Second, companies are starting to look more and more like Netflix in terms of offering online services as a core part of their business. Think of GM and its OnStar service. If you've taken a Virgin America flight and seen the future of in-cabin entertainment, do you think it's not collecting and analyzing that data to tune its offerings to individual customers? What Netflix is doing, company after company is doing as well. So, for at least a portion of their applications, most companies are starting to resemble Netflix. And one thing is for sure -- managing the new type of applications with the practices and processes associated with existing applications is a recipe for disaster.
Pulling the Plug on the Data Center
As to why Netflix decided to get out of the data center business? Short answer, there are two reasons.
Netflix's business is growing rapidly and experiences very uneven demand (highly skewed toward evenings, when, by some accounts, its video streaming service represents 29% of all Internet traffic). In this kind of environment, Netflix didn't want to experience service interruptions due to its inability to build data centers fast enough.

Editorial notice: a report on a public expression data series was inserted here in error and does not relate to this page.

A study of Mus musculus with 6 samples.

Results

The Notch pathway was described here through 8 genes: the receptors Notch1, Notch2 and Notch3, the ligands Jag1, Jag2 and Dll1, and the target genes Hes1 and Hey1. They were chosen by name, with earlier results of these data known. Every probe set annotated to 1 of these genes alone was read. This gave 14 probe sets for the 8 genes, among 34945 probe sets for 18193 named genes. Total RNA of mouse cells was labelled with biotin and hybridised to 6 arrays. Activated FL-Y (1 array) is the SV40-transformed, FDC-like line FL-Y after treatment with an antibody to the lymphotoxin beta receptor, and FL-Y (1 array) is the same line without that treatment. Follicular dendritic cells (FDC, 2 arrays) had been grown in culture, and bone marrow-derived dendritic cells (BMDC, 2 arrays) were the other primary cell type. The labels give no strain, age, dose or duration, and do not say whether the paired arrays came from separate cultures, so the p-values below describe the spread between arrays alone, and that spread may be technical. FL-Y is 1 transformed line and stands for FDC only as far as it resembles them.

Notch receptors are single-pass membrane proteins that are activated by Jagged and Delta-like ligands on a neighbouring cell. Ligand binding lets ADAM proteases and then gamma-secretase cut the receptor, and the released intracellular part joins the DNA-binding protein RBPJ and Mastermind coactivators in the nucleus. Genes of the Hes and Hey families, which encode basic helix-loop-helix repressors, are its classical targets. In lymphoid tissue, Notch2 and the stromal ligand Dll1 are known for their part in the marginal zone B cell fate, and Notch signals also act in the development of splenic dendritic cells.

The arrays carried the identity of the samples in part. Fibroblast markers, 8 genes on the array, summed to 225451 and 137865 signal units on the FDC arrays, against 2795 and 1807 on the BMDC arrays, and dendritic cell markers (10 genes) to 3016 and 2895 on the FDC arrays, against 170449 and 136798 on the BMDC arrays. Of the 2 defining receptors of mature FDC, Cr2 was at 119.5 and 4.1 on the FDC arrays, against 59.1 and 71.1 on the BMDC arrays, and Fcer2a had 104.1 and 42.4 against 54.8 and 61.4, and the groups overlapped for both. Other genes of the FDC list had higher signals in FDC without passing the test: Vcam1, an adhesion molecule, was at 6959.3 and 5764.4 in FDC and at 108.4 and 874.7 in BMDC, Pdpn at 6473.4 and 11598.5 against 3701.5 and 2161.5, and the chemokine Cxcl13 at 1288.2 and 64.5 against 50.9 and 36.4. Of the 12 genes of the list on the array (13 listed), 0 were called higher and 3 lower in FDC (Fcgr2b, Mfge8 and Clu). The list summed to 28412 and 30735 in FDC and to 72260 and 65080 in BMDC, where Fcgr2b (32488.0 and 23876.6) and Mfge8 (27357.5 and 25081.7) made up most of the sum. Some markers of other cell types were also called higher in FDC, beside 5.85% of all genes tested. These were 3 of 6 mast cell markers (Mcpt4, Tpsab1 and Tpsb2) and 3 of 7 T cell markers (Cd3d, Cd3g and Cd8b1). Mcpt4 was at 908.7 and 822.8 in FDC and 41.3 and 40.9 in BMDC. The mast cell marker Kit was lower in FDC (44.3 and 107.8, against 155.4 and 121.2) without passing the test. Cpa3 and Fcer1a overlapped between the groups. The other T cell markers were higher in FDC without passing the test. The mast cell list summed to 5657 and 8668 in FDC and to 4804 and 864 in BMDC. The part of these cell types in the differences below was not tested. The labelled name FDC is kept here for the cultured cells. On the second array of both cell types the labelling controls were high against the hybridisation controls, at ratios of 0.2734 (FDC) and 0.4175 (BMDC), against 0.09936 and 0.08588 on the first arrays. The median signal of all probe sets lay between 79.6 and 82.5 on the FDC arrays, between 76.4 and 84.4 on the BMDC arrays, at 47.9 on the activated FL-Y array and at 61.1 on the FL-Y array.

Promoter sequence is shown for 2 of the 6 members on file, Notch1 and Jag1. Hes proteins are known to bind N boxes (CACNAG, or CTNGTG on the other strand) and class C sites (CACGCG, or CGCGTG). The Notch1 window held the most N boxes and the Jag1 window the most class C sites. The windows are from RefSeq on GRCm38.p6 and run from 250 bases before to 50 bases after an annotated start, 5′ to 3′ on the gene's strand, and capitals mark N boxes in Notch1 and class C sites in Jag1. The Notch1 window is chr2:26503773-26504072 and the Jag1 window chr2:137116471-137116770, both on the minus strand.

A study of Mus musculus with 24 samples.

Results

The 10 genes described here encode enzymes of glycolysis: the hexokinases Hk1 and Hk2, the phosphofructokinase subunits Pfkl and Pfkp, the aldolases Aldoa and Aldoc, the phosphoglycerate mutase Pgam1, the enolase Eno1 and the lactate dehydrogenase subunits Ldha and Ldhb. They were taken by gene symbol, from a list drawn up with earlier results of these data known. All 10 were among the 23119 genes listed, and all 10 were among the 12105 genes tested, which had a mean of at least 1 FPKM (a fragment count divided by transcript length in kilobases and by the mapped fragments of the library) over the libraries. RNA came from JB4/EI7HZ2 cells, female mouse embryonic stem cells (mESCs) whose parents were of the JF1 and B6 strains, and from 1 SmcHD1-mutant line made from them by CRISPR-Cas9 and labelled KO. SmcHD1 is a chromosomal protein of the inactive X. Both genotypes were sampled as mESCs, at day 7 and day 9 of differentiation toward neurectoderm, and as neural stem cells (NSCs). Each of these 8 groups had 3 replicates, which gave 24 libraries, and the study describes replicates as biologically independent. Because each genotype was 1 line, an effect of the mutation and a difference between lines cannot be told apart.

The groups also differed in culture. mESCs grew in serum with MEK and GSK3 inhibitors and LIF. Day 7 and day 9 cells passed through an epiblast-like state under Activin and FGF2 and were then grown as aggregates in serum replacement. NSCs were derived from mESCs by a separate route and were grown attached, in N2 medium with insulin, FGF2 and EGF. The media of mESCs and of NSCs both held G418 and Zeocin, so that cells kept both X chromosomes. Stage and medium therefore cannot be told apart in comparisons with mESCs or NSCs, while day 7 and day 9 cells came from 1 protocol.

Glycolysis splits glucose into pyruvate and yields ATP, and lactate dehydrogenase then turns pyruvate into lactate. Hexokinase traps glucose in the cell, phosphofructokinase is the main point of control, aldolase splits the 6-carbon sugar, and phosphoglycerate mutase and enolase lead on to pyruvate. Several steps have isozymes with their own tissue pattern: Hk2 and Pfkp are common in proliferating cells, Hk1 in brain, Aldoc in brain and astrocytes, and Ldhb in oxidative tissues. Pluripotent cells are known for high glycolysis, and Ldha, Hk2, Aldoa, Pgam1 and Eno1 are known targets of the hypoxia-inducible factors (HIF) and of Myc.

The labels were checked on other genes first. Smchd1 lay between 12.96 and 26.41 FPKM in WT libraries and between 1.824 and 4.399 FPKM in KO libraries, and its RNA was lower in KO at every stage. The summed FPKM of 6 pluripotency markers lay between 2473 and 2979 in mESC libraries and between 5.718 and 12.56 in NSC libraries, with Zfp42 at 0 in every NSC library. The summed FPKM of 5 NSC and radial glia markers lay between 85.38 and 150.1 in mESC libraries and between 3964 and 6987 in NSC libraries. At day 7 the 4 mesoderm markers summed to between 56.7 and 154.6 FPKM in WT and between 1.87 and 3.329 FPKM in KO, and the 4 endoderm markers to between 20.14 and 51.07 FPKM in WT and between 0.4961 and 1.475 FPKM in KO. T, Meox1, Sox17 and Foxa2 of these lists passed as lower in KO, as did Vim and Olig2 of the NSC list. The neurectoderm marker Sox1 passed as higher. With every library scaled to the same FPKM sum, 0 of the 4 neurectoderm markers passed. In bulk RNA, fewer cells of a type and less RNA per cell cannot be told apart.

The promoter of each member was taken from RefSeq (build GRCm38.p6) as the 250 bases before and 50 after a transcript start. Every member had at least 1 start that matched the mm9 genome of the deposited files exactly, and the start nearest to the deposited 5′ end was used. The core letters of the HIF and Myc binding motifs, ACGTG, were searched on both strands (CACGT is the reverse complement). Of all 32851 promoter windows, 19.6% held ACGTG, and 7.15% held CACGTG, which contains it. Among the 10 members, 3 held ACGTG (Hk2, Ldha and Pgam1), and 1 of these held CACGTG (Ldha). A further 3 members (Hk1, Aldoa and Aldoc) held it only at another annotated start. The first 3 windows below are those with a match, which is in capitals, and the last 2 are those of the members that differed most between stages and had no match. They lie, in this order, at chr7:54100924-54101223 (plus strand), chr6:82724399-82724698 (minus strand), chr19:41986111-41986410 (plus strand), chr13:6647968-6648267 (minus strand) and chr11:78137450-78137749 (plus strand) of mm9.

Even though Netflix is a highly technical organization, it wasn't as good as Amazon when it came to automating data-center operations. Rather than try to replicate that ability, Netflix chose to leverage a highly efficient, low-cost expert provider.
What's interesting is how Netflix goes about creating and running its environment.
Like a lot of online companies, it has blurred the concept of "release to production." In fact, as I interpret Cockcroft's presentation, it has blurred the concept of release. Rather than a release being a static collection of bits that are moved from one lifecycle stage to another, an application is composed of many, many fine-grained services. Each release may be thought of as a collection of services at a given point in time.
This implies that each service must deliver high availability and be failure-resistant. In some sense, the Netflix architecture represents the apotheosis of SOA, with all the associated "abilities" that such an architecture carries -- reliability, manageability, etc. For example, given that underlying infrastructure is fragile, the services are implemented with redundancy, failover and automatic restart.